The Orangutan Programme Veterinarian
Like human visits to the doctor, orangutans need to visit the FZS Veterinarian for health check-ups and treatment.
Boiran presses against the bars of his cage, his bottom lip pushed forward to form a funnel. The worm-medicine that tastes like oranges is a favourite amongst the orangutans. A satisfied lip-smacking tells us that the medicine was accepted.
In fact, many tricks used in paediatrics can be applied when treating orangutans.
Because of their close relationship to humans, apes can contract most of the same diseases as we do and also transmit them to humans, often with fatal consequences for the apes. When sick orangutans return to the forest they can transmit dangerous illnesses such as hepatitis or tuberculosis to other orangutans. That is exactly the opposite of what we are trying to achieve with the reintroduction project.
All confiscated orangutans are thoroughly examined and quarantined in the station in Batu Mbelin for at least a month to curb any health risk. During this period, all examinations and tests are repeated three times before the all-clear is given for the transfer of the orangutans to Bukit Tigapuluh for Jungle School and eventual reintroduction to the wild.
Orangutan Health - Treatment and Monitoring
Orangutans receive regular health care check ups and treatment while they are in Jungle School. When they are ready for the big leap into independent life in the forest, the veterinarian implants a small transmitter so the released orangutan can be tracked through GPS data.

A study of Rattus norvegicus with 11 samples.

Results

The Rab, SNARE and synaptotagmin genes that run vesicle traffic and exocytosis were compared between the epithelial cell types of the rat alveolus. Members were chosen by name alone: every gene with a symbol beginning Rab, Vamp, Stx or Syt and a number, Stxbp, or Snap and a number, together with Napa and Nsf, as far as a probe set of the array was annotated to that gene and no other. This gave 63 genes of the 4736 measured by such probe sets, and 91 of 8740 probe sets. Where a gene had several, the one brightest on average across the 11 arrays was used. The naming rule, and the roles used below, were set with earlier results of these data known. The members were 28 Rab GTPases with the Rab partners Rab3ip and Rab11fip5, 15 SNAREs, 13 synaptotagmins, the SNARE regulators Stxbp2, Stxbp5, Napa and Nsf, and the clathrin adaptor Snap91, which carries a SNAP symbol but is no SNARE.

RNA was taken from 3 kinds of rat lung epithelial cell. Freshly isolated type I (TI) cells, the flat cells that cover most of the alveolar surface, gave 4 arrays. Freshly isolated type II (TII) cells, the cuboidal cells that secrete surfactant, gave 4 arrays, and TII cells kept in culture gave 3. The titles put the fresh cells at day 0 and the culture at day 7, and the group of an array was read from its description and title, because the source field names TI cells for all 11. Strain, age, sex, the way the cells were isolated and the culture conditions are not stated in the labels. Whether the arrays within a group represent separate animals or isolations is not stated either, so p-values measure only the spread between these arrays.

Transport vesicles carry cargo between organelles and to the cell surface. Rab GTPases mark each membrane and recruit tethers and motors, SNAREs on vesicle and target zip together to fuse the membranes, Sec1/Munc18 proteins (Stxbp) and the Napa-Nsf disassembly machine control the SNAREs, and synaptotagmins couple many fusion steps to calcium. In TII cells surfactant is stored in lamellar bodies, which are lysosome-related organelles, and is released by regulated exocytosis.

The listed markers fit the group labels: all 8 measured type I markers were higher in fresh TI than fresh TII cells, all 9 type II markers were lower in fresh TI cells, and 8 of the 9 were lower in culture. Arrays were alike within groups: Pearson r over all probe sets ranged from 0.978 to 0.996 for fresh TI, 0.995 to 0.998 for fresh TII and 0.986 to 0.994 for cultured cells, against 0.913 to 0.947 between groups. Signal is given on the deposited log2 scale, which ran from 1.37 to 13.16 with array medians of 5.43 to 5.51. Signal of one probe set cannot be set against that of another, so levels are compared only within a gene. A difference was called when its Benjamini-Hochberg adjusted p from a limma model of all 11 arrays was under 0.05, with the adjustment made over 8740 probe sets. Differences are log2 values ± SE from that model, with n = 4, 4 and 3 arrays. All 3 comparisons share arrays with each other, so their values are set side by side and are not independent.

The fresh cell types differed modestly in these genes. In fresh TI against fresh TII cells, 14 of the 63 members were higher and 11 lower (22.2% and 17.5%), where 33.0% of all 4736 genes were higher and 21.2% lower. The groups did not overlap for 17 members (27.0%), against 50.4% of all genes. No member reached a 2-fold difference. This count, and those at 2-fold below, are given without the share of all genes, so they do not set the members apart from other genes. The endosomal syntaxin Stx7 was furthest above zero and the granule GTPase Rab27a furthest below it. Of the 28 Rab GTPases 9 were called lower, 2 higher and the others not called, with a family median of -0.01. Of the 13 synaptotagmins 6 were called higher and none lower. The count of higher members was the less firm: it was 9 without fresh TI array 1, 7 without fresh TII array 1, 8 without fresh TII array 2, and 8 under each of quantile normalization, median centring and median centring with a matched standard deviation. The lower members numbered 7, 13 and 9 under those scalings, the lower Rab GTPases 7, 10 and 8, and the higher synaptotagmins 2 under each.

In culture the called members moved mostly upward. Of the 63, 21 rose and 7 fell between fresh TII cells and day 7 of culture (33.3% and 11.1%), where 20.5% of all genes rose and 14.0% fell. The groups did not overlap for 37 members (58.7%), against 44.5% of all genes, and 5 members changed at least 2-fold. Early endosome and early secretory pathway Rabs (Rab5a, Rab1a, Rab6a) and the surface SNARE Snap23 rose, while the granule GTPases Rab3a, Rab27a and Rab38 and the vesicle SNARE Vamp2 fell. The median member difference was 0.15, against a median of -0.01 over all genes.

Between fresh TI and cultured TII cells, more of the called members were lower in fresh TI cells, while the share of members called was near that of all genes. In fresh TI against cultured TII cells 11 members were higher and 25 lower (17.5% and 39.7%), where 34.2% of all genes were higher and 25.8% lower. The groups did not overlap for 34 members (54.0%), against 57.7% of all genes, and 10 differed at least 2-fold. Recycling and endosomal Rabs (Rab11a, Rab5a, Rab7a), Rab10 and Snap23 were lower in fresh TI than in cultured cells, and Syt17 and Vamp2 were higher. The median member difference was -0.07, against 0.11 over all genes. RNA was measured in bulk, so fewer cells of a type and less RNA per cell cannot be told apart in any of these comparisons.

This might sound a bit extreme to some, but without the little transmitter, orangutans would have no interim monitoring and care after release because they spread out into the large Bukit Tigapuluh environment. This way, we can help them make a smooth and safe transition from the jungle school sessions to full-time, independant jungle living. We can track where they are, how they are moving around and exploring territory, visit with worming tablets and check on their condition. In their first year they also sometimes need supplementary feeding and a few vitamins to get them through times when fruit is scarce.
Part of monitoring both reintroduced orangutans and those in jungle school is to collect and analyse faecal samples. These can tell us a lot about orangutan health. If an orangutan becomes sick, they are quarantined. Then, if required, blood and urine samples are taken in addition to a physical examination noting signs and symptoms.
Considerable time, expertise, financial resources and, well, love, is given to rescued orangutans and there is every focus on keeping these individuals healthy for a long life. Despite all efforts, sometimes we do lose an orangutan to illness and the loss is deeply felt. Correspondingly, when a reintroduced female orangutan gives birth to a new baby the excitement is enormous.